World Cup telly

The boys hatch a culinary plan to appease their partners while they hog the sofa for the football. Back of the net? Not quite...


The lads had cut a deal with their Wags, to use the vernacular of The Sun, and now it was time to collect. It was June, it was the 2010 World Cup and the television remote belonged to the boys.

The “boys” were banker and Spurs supporter Mark Samuel, broker and Arsenal fan Rory St John, and City lawyer and Chelsea obsessive Bertie Jardine. The three sporting comrades would spend Saturdays in their dress-down uniform of beige chinos and brown Sebago Docksides at The Fat Badger, the gastropub on Portobello Road, to sink pints and talk football – the conversation punctuated by the occasional buzzing BlackBerry updating its owner with the latest scores.

And it was during one of these sessions that their World Cup strategy was laid out. They would launch a charm offensive on Mark’s wife, Sarah (as well as working on Rory’s permanent partner, Fiona, and Bertie’s semidetached girlfriend, Cecily), to allow the trio to hog the television in the Samuels’ large Notting Hill flat from June 11 when the football circus kicked off in South Africa.

The schmoozing began in late spring when Mark, supported by his comrades in arms, boycotted all sport on television and sat through a gamut of soaps and made-for-TV movies in return for future control over the TV remote on Group C match days (England’s group). Additionally, the soccer musketeers told the girls that on those days they would take it in turns to organise a gourmet meal of the national cuisine of England’s opponents.


Unfortunately, the plan didn’t go exactly as they had wished. Mark had agreed to cook the first supper on an American theme as England was playing the US. He intended to serve clam chowder and barbecue chicken accompanied by Californian sauvignon blanc. But on the Saturday morning of the game a hostile bid by one of his clients forced him to spend the day at the office, which left him hurrying to get a taxi home in time for his guests and the 7.30pm kick-off. He had to ditch the idea of appearing as the aproned master of the hickory woodchip and instead slipped into The American Foodstore in Holland Park for pretzels, a six-pack of Dr Pepper and an easy pudding of Aunt Jemima Pancake Mix with accompanying syrup. Then he sprinted to Pizza Express for six “American” pepperoni pizzas.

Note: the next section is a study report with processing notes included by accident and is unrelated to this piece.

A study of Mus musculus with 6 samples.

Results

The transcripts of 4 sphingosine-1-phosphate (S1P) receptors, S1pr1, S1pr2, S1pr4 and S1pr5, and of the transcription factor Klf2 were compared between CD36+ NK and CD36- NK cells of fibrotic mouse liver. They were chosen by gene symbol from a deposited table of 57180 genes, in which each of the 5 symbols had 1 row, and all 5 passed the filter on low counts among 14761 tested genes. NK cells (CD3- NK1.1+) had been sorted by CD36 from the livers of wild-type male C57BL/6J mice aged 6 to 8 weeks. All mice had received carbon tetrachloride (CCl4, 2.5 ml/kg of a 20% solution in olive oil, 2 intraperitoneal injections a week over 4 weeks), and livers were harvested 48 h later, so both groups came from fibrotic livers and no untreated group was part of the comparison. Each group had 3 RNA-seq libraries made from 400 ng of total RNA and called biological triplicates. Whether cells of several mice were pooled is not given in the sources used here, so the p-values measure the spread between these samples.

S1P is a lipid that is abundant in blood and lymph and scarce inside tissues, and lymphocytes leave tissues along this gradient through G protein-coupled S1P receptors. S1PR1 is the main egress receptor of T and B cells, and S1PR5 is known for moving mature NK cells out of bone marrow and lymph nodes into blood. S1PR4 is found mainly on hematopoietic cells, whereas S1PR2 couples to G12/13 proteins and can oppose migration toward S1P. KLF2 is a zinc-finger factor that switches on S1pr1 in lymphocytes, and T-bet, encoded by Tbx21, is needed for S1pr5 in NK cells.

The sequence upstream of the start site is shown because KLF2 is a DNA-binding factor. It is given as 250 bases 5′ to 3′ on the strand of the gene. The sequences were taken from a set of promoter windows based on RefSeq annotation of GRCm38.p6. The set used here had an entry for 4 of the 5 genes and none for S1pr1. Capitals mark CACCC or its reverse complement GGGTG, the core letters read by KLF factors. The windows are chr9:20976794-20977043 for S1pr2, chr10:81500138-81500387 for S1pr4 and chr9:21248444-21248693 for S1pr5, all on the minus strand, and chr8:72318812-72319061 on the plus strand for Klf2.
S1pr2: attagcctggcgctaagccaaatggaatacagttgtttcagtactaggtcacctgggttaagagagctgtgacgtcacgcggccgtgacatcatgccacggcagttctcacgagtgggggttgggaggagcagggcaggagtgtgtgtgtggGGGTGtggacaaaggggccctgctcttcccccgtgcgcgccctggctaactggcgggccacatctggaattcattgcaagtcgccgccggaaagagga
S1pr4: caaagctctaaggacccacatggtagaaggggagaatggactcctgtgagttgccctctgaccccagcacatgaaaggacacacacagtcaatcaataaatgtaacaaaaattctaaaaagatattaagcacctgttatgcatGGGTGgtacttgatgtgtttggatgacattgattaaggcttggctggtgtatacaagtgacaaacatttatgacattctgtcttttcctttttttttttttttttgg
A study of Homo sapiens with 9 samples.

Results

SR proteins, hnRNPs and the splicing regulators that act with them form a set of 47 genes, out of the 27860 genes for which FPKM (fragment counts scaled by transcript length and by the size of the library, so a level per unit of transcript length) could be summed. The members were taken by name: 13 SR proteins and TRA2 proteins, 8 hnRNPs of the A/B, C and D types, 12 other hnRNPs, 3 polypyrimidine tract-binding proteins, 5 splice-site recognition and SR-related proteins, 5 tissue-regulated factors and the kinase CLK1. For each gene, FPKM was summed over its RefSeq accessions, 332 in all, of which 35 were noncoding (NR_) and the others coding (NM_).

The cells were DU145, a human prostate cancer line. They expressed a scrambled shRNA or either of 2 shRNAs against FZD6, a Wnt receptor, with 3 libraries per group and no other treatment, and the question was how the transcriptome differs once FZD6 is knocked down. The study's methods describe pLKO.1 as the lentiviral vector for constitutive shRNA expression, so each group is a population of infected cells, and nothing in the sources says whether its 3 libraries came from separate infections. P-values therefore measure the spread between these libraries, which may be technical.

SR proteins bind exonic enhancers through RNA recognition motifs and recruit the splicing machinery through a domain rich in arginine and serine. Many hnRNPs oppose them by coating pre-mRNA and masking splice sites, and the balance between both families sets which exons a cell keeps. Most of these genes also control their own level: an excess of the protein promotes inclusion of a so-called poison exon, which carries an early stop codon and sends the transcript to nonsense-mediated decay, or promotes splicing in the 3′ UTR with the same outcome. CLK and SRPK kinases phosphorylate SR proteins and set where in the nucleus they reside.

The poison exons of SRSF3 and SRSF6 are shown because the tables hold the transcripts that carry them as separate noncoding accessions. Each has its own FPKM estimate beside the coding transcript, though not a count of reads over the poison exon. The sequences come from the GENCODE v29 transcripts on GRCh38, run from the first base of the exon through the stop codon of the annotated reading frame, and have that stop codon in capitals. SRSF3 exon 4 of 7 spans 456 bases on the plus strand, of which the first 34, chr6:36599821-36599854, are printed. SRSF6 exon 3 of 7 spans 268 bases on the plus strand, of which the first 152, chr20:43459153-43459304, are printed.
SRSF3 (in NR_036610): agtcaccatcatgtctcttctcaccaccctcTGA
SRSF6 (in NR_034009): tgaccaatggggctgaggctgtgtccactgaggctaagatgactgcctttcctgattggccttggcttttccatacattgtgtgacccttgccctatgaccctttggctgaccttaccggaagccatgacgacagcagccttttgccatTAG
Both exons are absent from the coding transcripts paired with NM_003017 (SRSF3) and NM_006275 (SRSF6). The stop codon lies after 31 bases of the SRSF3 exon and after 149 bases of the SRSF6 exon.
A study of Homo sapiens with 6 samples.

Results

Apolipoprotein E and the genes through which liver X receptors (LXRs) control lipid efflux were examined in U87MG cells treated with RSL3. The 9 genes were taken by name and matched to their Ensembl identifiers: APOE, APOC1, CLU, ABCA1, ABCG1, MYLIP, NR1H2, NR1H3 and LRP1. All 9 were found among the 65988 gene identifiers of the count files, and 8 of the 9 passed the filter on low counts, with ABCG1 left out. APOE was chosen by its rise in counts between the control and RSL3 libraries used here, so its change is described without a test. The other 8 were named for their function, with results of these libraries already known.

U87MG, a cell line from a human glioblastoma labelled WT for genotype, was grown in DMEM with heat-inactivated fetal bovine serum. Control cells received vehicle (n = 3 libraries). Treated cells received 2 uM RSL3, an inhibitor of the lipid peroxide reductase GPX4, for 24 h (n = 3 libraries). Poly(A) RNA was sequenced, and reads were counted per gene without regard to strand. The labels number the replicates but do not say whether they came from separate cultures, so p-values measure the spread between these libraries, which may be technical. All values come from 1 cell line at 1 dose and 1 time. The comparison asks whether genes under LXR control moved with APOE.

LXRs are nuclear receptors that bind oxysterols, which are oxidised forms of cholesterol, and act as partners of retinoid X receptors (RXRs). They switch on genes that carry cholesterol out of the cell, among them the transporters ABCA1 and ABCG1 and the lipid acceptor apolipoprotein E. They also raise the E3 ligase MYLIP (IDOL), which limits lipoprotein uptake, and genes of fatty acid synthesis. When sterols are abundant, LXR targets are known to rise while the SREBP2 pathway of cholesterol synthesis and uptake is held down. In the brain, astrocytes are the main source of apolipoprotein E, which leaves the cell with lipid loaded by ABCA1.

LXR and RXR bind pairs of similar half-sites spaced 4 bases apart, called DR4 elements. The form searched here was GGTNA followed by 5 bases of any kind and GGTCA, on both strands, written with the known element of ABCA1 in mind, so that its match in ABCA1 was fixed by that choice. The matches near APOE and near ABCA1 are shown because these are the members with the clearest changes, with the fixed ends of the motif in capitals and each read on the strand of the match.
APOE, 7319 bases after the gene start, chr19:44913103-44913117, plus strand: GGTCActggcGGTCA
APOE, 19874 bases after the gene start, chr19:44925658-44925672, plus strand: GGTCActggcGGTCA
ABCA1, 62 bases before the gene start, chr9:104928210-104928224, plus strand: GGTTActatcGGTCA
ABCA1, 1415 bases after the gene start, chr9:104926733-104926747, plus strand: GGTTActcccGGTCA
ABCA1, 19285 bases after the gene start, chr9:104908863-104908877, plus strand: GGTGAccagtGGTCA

Rory’s efforts with the cuisine of England’s second opponents, Algeria, did not fare much better. His sweep of the internet only found Algerian dishes containing either camel or goat, both of which were fiendish to source and would anyway have been ticklish for him to cook as he struggled to make a boiled egg and soldiers. His solution was to sidle up to the North African owner of the exotic fruit and veg stall in Shepherd’s Bush Market who agreed, for a consideration, to get his Algerian cousin Hassan to cook a banquet for the party. And at half-time Hassan duly delivered his creation with a flourish to the square-eyed TV supporters. It was a dish he called “Boulettes de Viande” in a garlic broth that, as the guests quickly discovered, was meatballs floating in grease. “My 11-year-old goddaughter could do better,” said Sarah.

By now it was obvious that Bertie would have to produce something spectacular for the third and final group match against Slovenia. The Wags wanted silver service, not football-fan slop. He decided that, instead of cooking, he’d ask the best Slovenian restaurant in London to make him a grand takeaway. “It will be no problem, sir,” said the manager of the Ljubljana Grill in Tooting, the only Slovene eatery Bertie could find. “It is a special night for us too, so you will have what we have.”

An hour from kick-off, with the taxi waiting outside, Bertie rushed into the restaurant to collect his speciality Eastern European grub. “We have given you our most popular dish,” said the waiter. “When people go out in Slovenia they always eat it.” As Bertie picked up the brown paper bag, he glanced inside eagerly. And there, sitting in individual pitta breads, were six steaming doner kebabs.